Amid uncertainty, Wolves’ Saunders keeps working
EAU CLAIRE, Wis. -- More than a hundred kids were running around the YMCA gym Wednesday morning, yelling and wildly firing shots at random basketball hoops.
EAU CLAIRE, Wis. - More than a hundred kids were running around the YMCA gym Wednesday morning, yelling and wildly firing shots at random basketball hoops.
Then Ryan Saunders grabbed a microphone, the Timberwolves clinic was underway and everything was in order. When the Wolves assistant coach said to jump, the kids jumped. When Saunders said to clap, they clapped. When he said to be quiet, the gym fell silent.
Saunders was in total control, providing instruction while making kids feel comfortable by inducing laughs and taking the time to go high-five anyone who might have struggled with a particular drill.
“I’ve done a ton of these,” said Saunders, who is the Wolves’ lone coach on the three-stop Timberwolves caravan along with players Shabazz Muhammad and Cole Aldrich. “This was always something my dad was good at. He passed that on a little bit to me.”
Saunders spent the majority of the hour-long clinic providing on-court lessons focusing on ball handling and defensive stances and off-court lessons such as the importance of schoolwork. But he slipped a few jokes in throughout, often aimed at his players.
There was a shooting competition that had kids shooting from spots marked by dollar bills crumpled up on the floor. If the kids made the shot, the money was theirs.
Saunders used Aldrich and Muhammad to demonstrate the drill. Aldrich made a shot in the lane and celebrated. But Saunders denied him the dough.
“You have enough already,” Saunders said to Aldrich, who signed a three-year, $22-million contract this summer.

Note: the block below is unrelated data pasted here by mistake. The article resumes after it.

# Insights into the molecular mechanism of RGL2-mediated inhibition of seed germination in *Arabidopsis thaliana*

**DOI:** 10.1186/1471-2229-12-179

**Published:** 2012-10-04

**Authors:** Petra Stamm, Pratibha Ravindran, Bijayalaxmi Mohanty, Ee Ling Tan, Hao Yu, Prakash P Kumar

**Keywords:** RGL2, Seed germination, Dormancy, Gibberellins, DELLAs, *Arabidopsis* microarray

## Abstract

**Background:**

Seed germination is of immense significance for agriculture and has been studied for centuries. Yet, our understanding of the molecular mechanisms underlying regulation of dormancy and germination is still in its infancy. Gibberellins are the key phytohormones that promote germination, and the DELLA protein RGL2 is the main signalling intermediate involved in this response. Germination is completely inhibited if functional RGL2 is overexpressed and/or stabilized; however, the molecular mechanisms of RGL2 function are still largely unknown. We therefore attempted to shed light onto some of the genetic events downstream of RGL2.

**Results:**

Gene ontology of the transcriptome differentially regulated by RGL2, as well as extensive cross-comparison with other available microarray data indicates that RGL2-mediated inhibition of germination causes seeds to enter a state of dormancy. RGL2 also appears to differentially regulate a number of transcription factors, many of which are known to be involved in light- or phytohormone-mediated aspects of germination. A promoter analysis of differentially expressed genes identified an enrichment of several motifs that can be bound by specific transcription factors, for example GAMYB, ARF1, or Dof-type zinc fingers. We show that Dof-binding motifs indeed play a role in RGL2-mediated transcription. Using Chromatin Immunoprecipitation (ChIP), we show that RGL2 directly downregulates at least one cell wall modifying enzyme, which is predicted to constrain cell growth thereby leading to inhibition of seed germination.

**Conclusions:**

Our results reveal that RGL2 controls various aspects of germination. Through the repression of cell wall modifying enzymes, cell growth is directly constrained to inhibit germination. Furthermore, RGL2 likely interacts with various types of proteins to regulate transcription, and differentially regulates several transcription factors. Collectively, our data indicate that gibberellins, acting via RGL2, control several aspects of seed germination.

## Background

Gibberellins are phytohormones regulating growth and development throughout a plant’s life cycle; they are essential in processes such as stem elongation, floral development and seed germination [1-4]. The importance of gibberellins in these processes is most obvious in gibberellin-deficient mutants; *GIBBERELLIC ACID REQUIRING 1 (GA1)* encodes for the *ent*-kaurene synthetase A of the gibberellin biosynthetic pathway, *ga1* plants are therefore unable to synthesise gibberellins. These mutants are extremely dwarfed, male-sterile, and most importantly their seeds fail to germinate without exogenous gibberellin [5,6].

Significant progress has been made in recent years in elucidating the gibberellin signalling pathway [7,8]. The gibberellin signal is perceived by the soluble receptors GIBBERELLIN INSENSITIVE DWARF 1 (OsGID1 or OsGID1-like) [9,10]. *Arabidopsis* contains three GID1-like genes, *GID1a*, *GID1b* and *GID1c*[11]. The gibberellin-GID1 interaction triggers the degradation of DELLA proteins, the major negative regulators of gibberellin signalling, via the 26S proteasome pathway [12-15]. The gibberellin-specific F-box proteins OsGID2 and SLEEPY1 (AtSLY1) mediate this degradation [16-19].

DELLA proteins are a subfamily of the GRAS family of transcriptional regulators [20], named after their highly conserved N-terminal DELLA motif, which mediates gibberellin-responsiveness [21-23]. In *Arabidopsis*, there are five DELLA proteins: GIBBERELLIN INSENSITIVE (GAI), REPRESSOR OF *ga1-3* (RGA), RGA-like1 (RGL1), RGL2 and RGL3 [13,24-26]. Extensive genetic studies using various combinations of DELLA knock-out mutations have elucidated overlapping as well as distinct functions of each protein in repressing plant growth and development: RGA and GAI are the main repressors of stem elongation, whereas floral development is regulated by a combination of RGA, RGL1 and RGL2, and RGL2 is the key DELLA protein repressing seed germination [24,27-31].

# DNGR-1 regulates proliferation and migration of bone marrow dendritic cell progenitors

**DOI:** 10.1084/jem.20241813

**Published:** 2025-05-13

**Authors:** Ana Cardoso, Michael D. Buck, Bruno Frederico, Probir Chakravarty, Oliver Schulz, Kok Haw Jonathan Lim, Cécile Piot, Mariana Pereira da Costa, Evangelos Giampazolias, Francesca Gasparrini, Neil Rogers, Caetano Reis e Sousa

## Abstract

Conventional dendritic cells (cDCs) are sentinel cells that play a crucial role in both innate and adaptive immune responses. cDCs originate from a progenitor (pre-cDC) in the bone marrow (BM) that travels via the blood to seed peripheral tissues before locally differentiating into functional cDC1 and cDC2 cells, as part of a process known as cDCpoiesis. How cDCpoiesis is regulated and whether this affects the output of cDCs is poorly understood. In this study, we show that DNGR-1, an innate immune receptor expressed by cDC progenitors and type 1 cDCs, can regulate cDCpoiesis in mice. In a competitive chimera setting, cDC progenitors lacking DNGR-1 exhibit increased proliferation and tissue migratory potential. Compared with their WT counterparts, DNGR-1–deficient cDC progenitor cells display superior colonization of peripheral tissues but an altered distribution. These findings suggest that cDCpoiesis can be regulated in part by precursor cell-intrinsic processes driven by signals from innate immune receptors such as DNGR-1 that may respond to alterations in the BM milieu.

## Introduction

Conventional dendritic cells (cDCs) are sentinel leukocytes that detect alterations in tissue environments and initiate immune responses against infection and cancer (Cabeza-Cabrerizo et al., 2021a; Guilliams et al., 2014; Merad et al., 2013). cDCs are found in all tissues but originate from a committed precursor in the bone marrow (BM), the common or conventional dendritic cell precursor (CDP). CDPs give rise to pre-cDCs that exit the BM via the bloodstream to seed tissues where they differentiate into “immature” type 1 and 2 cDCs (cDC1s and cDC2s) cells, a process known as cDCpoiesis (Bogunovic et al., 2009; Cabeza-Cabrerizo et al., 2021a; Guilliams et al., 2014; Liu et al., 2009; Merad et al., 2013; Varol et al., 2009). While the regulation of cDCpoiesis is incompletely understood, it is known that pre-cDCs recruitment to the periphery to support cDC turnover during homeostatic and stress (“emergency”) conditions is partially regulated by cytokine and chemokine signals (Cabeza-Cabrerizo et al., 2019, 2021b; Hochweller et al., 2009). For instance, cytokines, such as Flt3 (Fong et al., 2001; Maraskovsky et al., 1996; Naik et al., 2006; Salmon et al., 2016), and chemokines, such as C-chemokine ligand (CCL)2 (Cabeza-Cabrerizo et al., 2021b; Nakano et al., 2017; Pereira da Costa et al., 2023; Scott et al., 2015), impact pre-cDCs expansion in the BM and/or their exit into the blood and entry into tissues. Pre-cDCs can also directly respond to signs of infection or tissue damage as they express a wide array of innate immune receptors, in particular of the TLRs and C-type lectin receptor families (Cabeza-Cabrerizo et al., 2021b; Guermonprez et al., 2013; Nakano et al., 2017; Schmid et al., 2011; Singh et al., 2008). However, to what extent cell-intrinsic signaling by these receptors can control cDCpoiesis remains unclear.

Then Saunders set down another bill on the right block and looked at Muhammad.
“Can you make this?” Saunders asked. “It’s from the right side.”
The comment was a jab at Muhammad, a lefty whose shot chart indicates a strong favoritism for the left side of the floor. All Muhammad could do in response was smile.
“He’s just great,” Muhammad said of Saunders. “He works hard working us out and he gets us better. He’s a great guy. He’s a player’s coach, and that’s something we need around our program.”
Saunders’ position on the staff appeared to be in limbo when the Wolves relieved interim coach Sam Mitchell of his duties at the end of the season and hired Tom Thibodeau as head coach and president of basketball operations in April. The Wolves announced in May that many members of the front office and assistant coach Sidney Lowe would not be retained. Yet Saunders is still around.
Saunders said he treated that time of uncertainly like he treats anything in life.
“You just take things day by day and do the best you can with them and you do something until somebody tells you you don’t do it anymore,” Saunders said. “So that’s my approach. ... I grew up in this business, I understand how things go.”
Saunders continues to aid in the development of Minnesota’s young talent, even coaching the Wolves’ Summer League team that finished second in Las Vegas in July. Saunders said he is “very thankful” to be a part of the building process in Minnesota.
“Minnesota is home for me,” he said, “and there’s always something special (here).”